Jump The Bean Bag
Source: Games For The Playground, Home, School And Gymnasium
Category: BEAN BAG AND OAT SACK GAMES
_10 to 60 players._
The class is divided into two equal divisions or teams. The teams
stand in opposite outside aisles and face the center of the room. The
game consists in a contest between the two divisions as to which shall
finish first in the following relay, here described for one team.
The leader at the head or front of the line, having the bean bag in
his hand, runs down the first aisle toward the rear, places the bean
bag on the center seat of the row to his left (second row from
standing line), vaults over the seat, and runs up the next aisle to
the front of the room and so to the head of his division. He tags the
player standing at the head of the line and passes behind the line to
the rear, taking his place at the foot.
The player who has been tagged at the head of the line immediately
runs down the first aisle, takes the bean bag from the seat, vaults
over the seat, and passes down the next aisle to the rear of the room,
and so to the foot of his line. He hands the bean bag to the player
next to him, who passes it to his neighbor, and so it is passed up to
the head of the line.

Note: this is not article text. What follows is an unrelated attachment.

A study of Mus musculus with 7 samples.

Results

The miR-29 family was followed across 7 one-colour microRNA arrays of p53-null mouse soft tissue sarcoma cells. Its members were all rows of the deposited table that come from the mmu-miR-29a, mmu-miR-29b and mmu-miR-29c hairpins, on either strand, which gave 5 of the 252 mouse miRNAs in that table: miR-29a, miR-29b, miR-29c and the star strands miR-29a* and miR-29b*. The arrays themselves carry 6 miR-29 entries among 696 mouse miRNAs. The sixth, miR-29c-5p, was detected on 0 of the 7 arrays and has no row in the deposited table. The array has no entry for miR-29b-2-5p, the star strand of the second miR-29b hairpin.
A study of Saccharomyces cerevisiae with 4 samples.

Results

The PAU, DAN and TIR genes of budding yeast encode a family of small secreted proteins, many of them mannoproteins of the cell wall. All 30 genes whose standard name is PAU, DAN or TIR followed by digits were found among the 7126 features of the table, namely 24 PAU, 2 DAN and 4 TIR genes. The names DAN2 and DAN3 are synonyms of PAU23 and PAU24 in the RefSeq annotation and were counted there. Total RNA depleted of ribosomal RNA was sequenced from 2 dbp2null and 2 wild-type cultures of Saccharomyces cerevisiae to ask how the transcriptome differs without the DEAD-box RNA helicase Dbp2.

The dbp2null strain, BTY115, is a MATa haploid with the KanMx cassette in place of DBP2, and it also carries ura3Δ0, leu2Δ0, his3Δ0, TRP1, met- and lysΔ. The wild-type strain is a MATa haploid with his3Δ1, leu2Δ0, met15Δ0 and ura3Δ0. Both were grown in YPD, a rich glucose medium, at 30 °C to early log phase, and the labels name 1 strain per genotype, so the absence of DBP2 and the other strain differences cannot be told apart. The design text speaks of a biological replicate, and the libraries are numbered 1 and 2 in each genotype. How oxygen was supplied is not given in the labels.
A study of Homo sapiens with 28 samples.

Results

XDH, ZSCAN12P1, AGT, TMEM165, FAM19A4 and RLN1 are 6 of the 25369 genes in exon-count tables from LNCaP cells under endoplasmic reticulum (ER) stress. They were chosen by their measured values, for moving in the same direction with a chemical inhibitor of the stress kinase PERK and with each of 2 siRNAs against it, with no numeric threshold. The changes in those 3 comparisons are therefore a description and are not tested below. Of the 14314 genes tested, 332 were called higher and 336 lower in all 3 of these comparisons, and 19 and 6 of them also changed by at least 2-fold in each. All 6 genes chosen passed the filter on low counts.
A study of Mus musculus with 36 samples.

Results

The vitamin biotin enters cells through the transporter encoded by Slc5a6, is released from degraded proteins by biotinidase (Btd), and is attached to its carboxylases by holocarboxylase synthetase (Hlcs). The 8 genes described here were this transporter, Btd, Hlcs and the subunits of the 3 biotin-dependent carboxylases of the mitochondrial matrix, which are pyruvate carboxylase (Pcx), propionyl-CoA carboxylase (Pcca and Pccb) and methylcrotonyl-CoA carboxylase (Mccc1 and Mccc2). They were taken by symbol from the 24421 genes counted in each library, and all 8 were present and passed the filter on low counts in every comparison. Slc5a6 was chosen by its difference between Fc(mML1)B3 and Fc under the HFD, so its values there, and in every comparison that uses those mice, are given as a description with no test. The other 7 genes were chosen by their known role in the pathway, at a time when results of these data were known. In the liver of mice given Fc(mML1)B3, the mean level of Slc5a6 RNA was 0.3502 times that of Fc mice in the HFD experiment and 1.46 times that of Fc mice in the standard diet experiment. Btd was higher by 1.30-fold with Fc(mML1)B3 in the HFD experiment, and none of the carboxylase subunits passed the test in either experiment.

The player at the head of the line, immediately upon receiving the
bean bag, runs down the first aisle, places it on the seat, vaults
over the seat to the next aisle, and so to the head of his line, where
he tags the player who has moved up to his place.
The game thus consists in an alternate placing and taking of the bag
from the seat. The player who places the bag returns to the head of
the line to tag the player standing there, and then passes behind the
line to the foot; the player taking the bean bag returns to the rear
of his line and passes the bean bag up the line.
The division whose original leader first gets back to his starting
place wins the game.
This game was originated by Miss Alice R. Young of Brooklyn,
N.Y., and received honorable mention in a competition for
schoolroom games conducted by the Girls' Branch of the Public
Schools Athletic League of New York City in 1906. It is here
published by the kind permission of the author, and of the
Girls' Branch, and of Messrs. A. G. Spalding & Brothers,
publishers of the handbook in which the game first appeared.